The reborn British Steel has secured almost £100m of new financing to spur its turnaround, delivering a shot in the arm to an industry shaken by uncertainty over Brexit and transatlantic trade conflict.
Sky News has learnt that the company, which owns the giant Scunthorpe steelworks in the north of England, has struck a deal to secure £90m of debt funding from US-based White Oak Global Advisors.
The new financing will be announced alongside British Steel’s full-year results, which are expected to show the second consecutive year of profitability since the company was acquired by Greybull Capital, a private investment firm.
A source close to the situation said that British Steel would reveal an ambitious future investment plan that would underline its board’s confidence in the company’s prospects.
Much of the additional funding is expected to be invested in modernising machinery and equipment at British Steel’s plants in the UK, France and the Netherlands.
The announcement is expected to be made on Wednesday, with the plans disclosed during a period of continued turbulence for the wider industry.
Last month, President Trump imposed a 25% tariff on steel imports and a 10% levy on imported aluminium products, one of a number of salvoes which have threatened to escalate into a full-blown global trade war.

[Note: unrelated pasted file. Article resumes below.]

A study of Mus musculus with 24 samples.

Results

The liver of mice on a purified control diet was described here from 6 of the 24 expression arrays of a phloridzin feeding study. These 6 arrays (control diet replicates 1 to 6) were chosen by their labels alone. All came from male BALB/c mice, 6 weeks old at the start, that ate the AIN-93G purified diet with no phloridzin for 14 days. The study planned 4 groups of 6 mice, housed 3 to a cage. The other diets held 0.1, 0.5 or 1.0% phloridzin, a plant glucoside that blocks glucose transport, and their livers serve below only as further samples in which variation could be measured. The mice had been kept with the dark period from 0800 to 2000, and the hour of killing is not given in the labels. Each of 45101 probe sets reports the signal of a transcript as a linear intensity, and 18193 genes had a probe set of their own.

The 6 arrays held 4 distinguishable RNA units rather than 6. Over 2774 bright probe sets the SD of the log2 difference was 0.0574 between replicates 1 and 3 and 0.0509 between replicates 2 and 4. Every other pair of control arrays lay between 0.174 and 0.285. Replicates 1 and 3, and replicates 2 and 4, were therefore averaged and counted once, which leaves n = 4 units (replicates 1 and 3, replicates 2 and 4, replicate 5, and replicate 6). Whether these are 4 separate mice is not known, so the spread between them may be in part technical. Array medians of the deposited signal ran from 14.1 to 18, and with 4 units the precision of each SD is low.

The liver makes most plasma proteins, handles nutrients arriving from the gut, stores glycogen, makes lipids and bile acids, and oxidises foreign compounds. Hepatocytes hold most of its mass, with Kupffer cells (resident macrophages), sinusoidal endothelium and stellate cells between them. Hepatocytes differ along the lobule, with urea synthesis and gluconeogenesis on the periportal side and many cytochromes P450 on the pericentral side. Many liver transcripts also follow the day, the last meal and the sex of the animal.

The Government’s ability to strike a united front with European Union counterparts has been hamstrung by the stuttering nature of Brexit negotiations.
While the UK exports roughly 350,000 tons of steel to the US annually, British Steel is a relatively lightweight exporter to the country.
The company, which was previously part of the Indian-owned Tata Steel, has won plaudits for its instant turnaround under Greybull’s ownership.
It made a profit in its first full year after the deal, aided by the devaluation of sterling after the EU referendum and an increase in steel prices.
Another announcement with profound implications for the long-term future of the UK steel industry was made late last month, involving the merger of Tata Steel’s European operations with those of German rival Thyssenkrupp.
That deal, which when completed will create the continent’s second-biggest steel producer, was welcomed by trade unions whose members include thousands of workers at the vast Port Talbot plant in Wales.
Tata Steel is now in the process of selling a number of other UK-based subsidiaries, including Cogent Power, which supplies electrical steels.
The new financing for British Steel will come six months after its chief executive left the company – little more than six months after his appointment.
Its performance has, though, offered a ray of hope to an embattled industry, and brought welcome news for Greybull, which was the owner of Monarch Airlines when it went bust last autumn.
AlixPartners, the financial advisory firm, is understood to have advised British Steel on the new funding from White Oak.
British Steel could not be reached for comment on Monday.